OK so you decided to start reading this review based on my headline “savor it”. Then stay with it because you are in for a great ride.
I have read every book by this author. I have corresponded with him and he, in turn, has corresponded with me. He asked me to review one of his books that was yet to be published, which I did. I thought it an outstanding effort and told him so.
So, telling you this you may consider I’m just a wee bit biased penning this review following my having given it a 5 star rating.
But in fairness you would be wrong.
Allow me to amplify.
The word “savor” comes to mind when I find a really excellent wine. In other words, I don’t want to just drink it, I want to relish it to the point of sipping it in order to make it last longer. I savored this book from page one to page last. It was that good. And that’s what I mean.
First of all, I do not retell story lines in my reviews. It’s my belief that the author does a much better job of doing that than me. Instead I analyze a read based on several criteria which hopefully will cause a fellow reader to want to read on.
To begin with Plot is a strength. I put a book down from time to time in order to see if I can recall where I left off when I come back to it without having to re read passages. When I can then that to me is indicative of a strong plot. It flows without any misdirection from the main story line. There is no filler by the author to fill up space because he forgot where he was going, or worse hoping the reader will stay with him until he can get back to main story. This book had such a strong plot line that I simply could not tear myself away in order to test my theory. I found the plot tantalizing.
Character development is another criteria I analyze, both for the protagonist and antagonist. I need the good guys to be good and the bad guys to be bad. I mean that. There are several herein and each are individually cast well in their respective mold. Max Warfield and Ludivine are good people. Gustave and Mr. Winthrop are bad. And each plays their role so well. There are others in each vein, but you’ll get the point.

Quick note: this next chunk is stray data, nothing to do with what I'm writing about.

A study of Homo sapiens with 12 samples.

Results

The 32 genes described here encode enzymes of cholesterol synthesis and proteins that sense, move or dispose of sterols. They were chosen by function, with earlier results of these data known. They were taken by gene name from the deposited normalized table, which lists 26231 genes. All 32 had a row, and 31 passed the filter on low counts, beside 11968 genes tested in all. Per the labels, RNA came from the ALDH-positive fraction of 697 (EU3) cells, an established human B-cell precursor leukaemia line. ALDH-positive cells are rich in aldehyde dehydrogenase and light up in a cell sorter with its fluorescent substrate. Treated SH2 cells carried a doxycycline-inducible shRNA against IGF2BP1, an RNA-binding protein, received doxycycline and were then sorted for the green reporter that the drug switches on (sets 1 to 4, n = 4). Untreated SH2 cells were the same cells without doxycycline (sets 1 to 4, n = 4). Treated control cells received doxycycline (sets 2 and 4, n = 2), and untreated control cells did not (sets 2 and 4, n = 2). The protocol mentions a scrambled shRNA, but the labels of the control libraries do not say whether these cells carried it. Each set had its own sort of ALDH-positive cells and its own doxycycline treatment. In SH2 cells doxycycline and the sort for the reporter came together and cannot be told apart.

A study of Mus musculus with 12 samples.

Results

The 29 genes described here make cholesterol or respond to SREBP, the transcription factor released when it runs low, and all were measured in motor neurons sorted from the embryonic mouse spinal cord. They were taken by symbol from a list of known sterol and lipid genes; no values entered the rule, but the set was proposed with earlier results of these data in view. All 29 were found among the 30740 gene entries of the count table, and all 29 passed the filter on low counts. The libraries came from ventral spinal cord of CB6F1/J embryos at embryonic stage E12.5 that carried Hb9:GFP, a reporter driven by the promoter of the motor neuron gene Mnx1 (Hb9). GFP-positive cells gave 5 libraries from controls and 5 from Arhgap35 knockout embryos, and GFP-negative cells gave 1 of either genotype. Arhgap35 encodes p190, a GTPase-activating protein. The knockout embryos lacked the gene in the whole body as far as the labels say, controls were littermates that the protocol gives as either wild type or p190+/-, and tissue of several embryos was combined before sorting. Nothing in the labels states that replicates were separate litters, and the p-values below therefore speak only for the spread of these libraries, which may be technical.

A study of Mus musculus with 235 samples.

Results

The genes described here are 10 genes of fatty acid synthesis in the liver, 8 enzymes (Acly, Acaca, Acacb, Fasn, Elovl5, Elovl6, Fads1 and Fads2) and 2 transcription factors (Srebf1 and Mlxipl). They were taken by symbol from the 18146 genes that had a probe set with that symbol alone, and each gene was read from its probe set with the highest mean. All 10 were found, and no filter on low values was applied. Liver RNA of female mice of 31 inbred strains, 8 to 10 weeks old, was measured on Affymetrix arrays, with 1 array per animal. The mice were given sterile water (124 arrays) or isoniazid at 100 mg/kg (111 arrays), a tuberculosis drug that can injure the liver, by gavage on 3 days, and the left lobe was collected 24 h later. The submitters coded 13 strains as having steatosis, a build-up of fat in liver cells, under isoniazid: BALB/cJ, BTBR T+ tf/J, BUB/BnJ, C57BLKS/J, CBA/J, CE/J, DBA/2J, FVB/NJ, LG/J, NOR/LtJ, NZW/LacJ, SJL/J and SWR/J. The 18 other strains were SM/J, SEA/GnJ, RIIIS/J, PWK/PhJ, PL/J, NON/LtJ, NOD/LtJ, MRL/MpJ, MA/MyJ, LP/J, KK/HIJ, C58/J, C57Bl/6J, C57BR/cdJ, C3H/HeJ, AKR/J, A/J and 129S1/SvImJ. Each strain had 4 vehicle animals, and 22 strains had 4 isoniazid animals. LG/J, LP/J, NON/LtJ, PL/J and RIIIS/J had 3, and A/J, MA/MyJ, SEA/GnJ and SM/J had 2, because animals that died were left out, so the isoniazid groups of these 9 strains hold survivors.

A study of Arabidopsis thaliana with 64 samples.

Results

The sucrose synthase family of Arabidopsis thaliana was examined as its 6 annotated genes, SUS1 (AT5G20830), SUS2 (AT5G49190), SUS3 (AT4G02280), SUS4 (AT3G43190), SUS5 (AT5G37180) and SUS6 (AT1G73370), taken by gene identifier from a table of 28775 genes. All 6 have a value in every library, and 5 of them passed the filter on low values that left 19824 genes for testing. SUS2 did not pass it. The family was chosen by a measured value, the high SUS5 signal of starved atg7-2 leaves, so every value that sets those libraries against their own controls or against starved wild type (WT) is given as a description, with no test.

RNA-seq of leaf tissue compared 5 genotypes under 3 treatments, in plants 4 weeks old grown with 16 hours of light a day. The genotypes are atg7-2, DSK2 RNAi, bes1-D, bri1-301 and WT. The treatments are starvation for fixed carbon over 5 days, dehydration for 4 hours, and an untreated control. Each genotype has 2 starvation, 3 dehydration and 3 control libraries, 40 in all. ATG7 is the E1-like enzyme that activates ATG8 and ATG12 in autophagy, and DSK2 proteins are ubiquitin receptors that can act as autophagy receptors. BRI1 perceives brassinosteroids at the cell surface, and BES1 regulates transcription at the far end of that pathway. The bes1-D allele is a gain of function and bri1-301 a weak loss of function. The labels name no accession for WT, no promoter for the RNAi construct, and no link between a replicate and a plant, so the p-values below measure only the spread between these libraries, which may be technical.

Every book has to have a rising action, a falling action, most often an anti climax and, of course, a resolution.
The rising action in this read is, in a word, agonizing in that it keeps going and going to the point of exhaustion. That is not a criticism. As it enhances plot, rising action will not let you put the book down. A word of caution. Do NOT start this read at 9 o’clock at night. If you do you will be in for a very long night!
Falling action and anti climax are somewhat intertwined. The latter will have you hanging by your finger nails. But in the final analysis the author answers all the reader’s questions in very satisfying way. Honestly, I didn’t want this book to end.
The resolution is fitting and just feels right in league with what went on during the story.
Among those writers that literally hold me to the printed page, page after page, Chuck Driscoll fits in quite nicely and by that I include specifically John Grisham and most favorably Dennis Lehane.
I could go on, but I would simply say the same things I have said above using different words.
Read this book. I guarantee you won’t be disappointed. I promise.